The historical city of Yangzhou, Jiangsu Province, has more than 2,500 years of history, and has become a hotspot for tourists from around China and abroad.
One of its more noteworthy attractions is the Lianghuai Salt Transport Museum in Shi'er Xu Ancient Town, Yizheng, a county-level city of Yangzhou, opened to the public in March.
The museum, built in the style of the Ming and Qing Dynasties (1368-1911), houses more than 600 exhibits, some of which are provided by the China Salt Association.
During the reign of Emperor Tongzhi of the Qing Dynasty (1861-1875), Shi'er Xu became the largest distribution center of the salt industry in the Lianghuai district (regions along the Huaihe River). One third of the salt transported to the whole nation came from the district.
The museum is divided into four exhibition halls and has various types of exhibitions which vividly depict the history of the Lianghuai salt industry. But there is much more to the city, and its administrators hope their plans to promote it will pay dividends.
Today's Story in the Story looks at how Yangzhou is combining its rich cultural history with modern day tourism.
Yangzhou is a hotspot for tourists from home and abroad.
Yangzhou is reputed to have once been one of the wealthiest cities in all of China. Today it has a population of 4.4 million.
To better service tourists in 2019, 10 suggestions were released by Yangzhou Municipal Committee and Yangzhou Municipal Government in February to promote the positioning of Yangzhou as an international cultural and tourism city.
One of the first things on their to-do list was to improve services for tourists during national holidays, namely Tomb Sweeping Day, Labor Day and National Day.
Temporary free parking lots will be set up in the city during holidays, and people from other cities can take buses to the downtown area for free with valid identity cards. As well, the city will open more parking lots around government buildings.
City administrators also want to promote Yangzhou delicacies. That includes establishing two tasting centers for Huaiyang cuisine and five story-telling houses featuring Huaiyang delicacies.
Free entrance to key scenic areas is another move to lure tourists. The region has an abundance of scenic areas such as Slender West Lake, Daming Temple, Ge Garden, He Garden and Yangzhou Museum of Guangling King's Tomb in the Han Dynasty and Eight Yangzhou Eccentrics Memorial.
Free shuttle buses traveling among major scenic areas will be put into use in April, May, September and October.
The service functions of Yangzhou Port will be improved to offer better services to passengers on cruises that dock at Yangzhou Port.
Public facilities such as guideboards, bus stops, parking lots and city parks are being renovated into tourism-friendly places, catering to the needs of inbound tourists.
Elderly men and women practice tai chi in the early morning at an open area in front of Ye Chun Teahouse, a popular eatery in Yangzhou. (Photo: China Daily)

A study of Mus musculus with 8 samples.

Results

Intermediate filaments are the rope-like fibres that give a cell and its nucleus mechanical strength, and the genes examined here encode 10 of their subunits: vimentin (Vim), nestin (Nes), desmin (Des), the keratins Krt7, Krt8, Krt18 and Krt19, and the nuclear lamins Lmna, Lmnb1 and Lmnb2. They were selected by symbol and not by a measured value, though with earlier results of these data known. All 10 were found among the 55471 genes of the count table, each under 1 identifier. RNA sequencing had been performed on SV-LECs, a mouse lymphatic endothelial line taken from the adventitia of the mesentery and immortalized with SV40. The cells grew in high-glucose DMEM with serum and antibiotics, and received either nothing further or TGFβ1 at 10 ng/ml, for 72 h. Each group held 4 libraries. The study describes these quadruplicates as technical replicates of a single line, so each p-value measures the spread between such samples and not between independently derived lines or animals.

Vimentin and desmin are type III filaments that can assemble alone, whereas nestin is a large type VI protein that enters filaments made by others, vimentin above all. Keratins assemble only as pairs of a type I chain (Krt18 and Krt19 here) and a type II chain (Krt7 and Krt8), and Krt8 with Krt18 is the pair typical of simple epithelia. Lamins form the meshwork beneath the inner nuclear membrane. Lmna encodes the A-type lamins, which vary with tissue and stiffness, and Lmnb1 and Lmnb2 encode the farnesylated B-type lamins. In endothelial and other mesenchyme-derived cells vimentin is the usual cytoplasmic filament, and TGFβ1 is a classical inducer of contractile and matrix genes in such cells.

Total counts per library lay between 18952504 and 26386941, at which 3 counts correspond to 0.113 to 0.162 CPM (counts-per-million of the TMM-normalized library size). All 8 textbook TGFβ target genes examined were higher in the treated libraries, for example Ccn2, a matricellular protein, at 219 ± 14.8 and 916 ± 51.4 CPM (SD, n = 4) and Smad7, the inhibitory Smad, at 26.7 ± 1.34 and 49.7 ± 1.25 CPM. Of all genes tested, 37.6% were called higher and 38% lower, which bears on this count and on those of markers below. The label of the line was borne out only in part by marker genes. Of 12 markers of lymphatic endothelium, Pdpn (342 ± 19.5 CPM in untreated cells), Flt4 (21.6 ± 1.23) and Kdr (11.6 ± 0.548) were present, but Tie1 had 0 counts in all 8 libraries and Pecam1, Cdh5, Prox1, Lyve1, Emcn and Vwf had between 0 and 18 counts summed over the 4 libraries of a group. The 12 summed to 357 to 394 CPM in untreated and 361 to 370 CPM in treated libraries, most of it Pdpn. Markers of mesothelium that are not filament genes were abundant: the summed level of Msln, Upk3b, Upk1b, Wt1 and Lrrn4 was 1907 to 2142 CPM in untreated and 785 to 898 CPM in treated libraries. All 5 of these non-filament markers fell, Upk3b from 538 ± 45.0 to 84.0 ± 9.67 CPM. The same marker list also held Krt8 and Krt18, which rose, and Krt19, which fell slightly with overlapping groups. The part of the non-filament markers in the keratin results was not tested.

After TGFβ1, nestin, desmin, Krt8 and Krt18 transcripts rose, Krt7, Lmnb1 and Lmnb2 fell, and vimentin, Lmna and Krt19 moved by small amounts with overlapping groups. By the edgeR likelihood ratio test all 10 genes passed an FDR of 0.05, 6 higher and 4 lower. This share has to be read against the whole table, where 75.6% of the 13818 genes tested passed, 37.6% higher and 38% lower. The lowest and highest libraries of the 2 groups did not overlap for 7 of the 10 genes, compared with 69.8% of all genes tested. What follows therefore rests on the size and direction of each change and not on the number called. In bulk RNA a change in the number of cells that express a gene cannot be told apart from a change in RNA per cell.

Zaocha is something unique to Yangzhou. It is an early-morning meal where delicious small treats are served with a variety of steaming hot teas.
It might sound similar to any other breakfast ritual that takes place throughout the world, but it’s not. Zaocha in Yangzhou is a traditional, cultural and overwhelmingly social event.
Another local attraction is the popular Ye Chun Teahouse.
Ye Chun was first established in 1877 as a place for Yangzhou locals to enjoy good tea and good food. Over the years the restaurant has become synonymous with zaocha, with people lining up in the early hours to get a table so they can enjoy the food, the hot tea and most importantly a good chat with friends.
Examples of the cuisine served there include tanggansi, or shredded tofu in soup, sandingbao, or three-diced bun and xiehuang tangbao, or crab-roe soup dumpling.
Yangzhou also has a cultural history. In ancient times the city was called Guangling. That name lends itself to Guangling San, or the Guangling Melody, which is said to be one of the 10 greatest classic guqin compositions. The guqin is a seven-stringed Chinese instrument.
Although the origins of Guangling San, the authenticity of its tablature, and the relationship between the piece and Yangzhou continue to be debated among academics, it is widely accepted that the piece was once circulated in the Yangzhou region, underlining a historical connection between Yangzhou and guqin culture.
Yangzhou continues to be home to China's most well-known guqin masters, one being Ma Weiheng, regarded by many as an unofficial ambassador of the Yangzhou region.
"The Guangling School of guqin is closely related to Yangzhou's culture, from food and garden, to language and literature," Ma says.
The Yangzhou Municipal Committee and Yangzhou Municipal Government hope their efforts to offer benefits to visitors will encourage tourists to consider Yangzhou as a destination.
(Produced by Nancy Yan Xu, Brian Lowe, Lance Crayon and Da Hang. Music by: bensound.com. Text from China Daily and Global Times.)